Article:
What you saw is totally typical when the old queen cannot fly. Takes the swarm maybe an hour before they realise she is not with them & then they return to the original hive.

During the swarming attempt the old queen is chased very aggressively to get her to launch into the air and if she cannot she is sometimes killed. If she is not killed, she will be killed over the next few days during further attempts at swarming. The hive will then swarm properly once queen cells hatch & they can take a virgin with them.

In your situation, best plan would be to make several splits with a queen cell or two each, whether or not you can find the old queen. That's if you catch the hive before it has swarmed proper. Pretty certain there will be queen cells in there if you look hard enough.
 


But one thing you DO have to bear in mind is that if you put the splits in the same apiary as the parent hive, many of the bees will drift back to the parent hive. So put more bees than you need in the splits, and absolute bare minimum in the parent hive. Otherwise lots of bees can return, crowd out the parent hive, and it still swarms anyway. Also, make the entrances for the splits very small. It is mainly young bees that have not flown yet that will stay in the splits and they are not old enough for guard duty to prevent robbing. After one week they will be older, doing guard duty, and you can make the entrances bigger if need be.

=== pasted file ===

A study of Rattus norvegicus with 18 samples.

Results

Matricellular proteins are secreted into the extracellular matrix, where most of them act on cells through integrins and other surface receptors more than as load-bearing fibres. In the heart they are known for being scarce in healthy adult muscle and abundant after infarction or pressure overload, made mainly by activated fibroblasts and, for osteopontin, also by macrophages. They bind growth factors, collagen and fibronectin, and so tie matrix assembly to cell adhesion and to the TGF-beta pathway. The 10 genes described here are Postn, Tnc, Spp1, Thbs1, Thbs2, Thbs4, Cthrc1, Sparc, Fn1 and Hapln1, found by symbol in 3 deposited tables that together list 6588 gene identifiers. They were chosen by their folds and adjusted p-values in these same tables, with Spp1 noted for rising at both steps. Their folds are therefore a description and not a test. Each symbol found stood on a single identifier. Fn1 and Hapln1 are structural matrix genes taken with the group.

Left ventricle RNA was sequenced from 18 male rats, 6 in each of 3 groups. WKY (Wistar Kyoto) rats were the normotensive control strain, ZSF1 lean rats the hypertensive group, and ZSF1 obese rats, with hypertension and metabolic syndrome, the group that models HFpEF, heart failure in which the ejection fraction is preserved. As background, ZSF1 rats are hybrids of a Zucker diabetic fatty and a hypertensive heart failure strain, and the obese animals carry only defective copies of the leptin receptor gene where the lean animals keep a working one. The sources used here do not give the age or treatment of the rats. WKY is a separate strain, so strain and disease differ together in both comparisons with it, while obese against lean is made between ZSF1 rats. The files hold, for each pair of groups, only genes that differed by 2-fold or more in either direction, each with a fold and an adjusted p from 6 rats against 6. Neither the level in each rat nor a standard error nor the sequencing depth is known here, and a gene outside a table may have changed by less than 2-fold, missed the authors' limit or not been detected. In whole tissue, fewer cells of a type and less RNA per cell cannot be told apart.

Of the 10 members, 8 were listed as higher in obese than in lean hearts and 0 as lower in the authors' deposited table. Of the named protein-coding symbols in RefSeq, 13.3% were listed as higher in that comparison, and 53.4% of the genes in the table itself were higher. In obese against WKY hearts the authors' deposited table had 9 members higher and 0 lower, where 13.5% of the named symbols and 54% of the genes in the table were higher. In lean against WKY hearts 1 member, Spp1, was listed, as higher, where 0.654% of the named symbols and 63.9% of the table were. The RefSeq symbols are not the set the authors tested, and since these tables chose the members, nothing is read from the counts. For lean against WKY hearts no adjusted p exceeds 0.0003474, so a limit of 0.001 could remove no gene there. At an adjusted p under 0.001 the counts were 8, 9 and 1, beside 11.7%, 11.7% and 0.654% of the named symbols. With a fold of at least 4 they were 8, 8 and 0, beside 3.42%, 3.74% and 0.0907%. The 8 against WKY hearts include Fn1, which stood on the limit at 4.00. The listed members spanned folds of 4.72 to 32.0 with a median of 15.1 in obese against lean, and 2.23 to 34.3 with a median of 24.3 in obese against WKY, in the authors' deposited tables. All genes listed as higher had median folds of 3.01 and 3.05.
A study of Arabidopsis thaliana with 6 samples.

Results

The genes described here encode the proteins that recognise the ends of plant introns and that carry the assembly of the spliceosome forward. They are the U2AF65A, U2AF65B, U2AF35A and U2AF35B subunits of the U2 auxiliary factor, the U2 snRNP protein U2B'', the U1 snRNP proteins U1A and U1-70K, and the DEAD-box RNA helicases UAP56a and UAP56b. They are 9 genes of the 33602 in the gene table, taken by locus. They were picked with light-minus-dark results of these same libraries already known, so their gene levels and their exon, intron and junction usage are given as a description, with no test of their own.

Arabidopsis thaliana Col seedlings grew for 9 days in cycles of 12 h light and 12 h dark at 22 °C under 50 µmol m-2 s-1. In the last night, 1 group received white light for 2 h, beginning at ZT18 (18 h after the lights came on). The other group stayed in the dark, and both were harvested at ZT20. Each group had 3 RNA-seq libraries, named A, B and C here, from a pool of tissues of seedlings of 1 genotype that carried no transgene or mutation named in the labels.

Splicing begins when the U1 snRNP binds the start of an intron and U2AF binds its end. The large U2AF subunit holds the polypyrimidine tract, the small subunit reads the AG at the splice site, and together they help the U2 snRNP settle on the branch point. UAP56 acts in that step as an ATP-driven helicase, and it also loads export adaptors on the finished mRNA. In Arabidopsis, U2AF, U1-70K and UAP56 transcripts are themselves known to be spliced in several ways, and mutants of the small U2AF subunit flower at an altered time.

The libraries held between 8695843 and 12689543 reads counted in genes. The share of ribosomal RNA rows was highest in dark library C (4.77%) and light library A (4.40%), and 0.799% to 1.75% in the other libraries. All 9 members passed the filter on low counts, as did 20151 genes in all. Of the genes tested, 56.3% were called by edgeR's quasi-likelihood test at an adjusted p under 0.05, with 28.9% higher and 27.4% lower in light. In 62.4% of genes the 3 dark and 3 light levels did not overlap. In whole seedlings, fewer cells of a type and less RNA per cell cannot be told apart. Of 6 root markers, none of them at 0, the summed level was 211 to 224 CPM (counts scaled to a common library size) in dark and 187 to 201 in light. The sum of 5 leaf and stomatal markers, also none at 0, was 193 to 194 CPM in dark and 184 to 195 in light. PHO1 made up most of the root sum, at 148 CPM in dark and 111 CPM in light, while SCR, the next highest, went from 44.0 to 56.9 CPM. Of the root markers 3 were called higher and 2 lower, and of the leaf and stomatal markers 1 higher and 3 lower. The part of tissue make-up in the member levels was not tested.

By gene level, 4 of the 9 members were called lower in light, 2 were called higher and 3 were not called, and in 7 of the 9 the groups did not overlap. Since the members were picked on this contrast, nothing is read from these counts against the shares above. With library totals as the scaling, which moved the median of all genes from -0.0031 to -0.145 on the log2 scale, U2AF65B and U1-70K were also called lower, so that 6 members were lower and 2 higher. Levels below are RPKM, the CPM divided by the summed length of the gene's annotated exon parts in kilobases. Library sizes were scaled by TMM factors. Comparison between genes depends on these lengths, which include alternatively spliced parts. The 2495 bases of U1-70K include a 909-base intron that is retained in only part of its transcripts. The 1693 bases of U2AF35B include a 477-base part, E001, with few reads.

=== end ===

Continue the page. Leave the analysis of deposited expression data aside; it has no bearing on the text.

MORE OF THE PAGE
When positioning the queen cells in the splits, consider the bee population will drop due to drifting, so put the queen cell where the bees will still keep it warm even if there are a lot less bees. So for example if the queen cell is on the bottom of the comb, the bees will abandon it if the population drops so cut it off with a very sharp knife or box cutter or similar, and press it onto a comb where brood is (not onto capped brood it will drop off), in a place where the bees will cluster even if there are not too many left.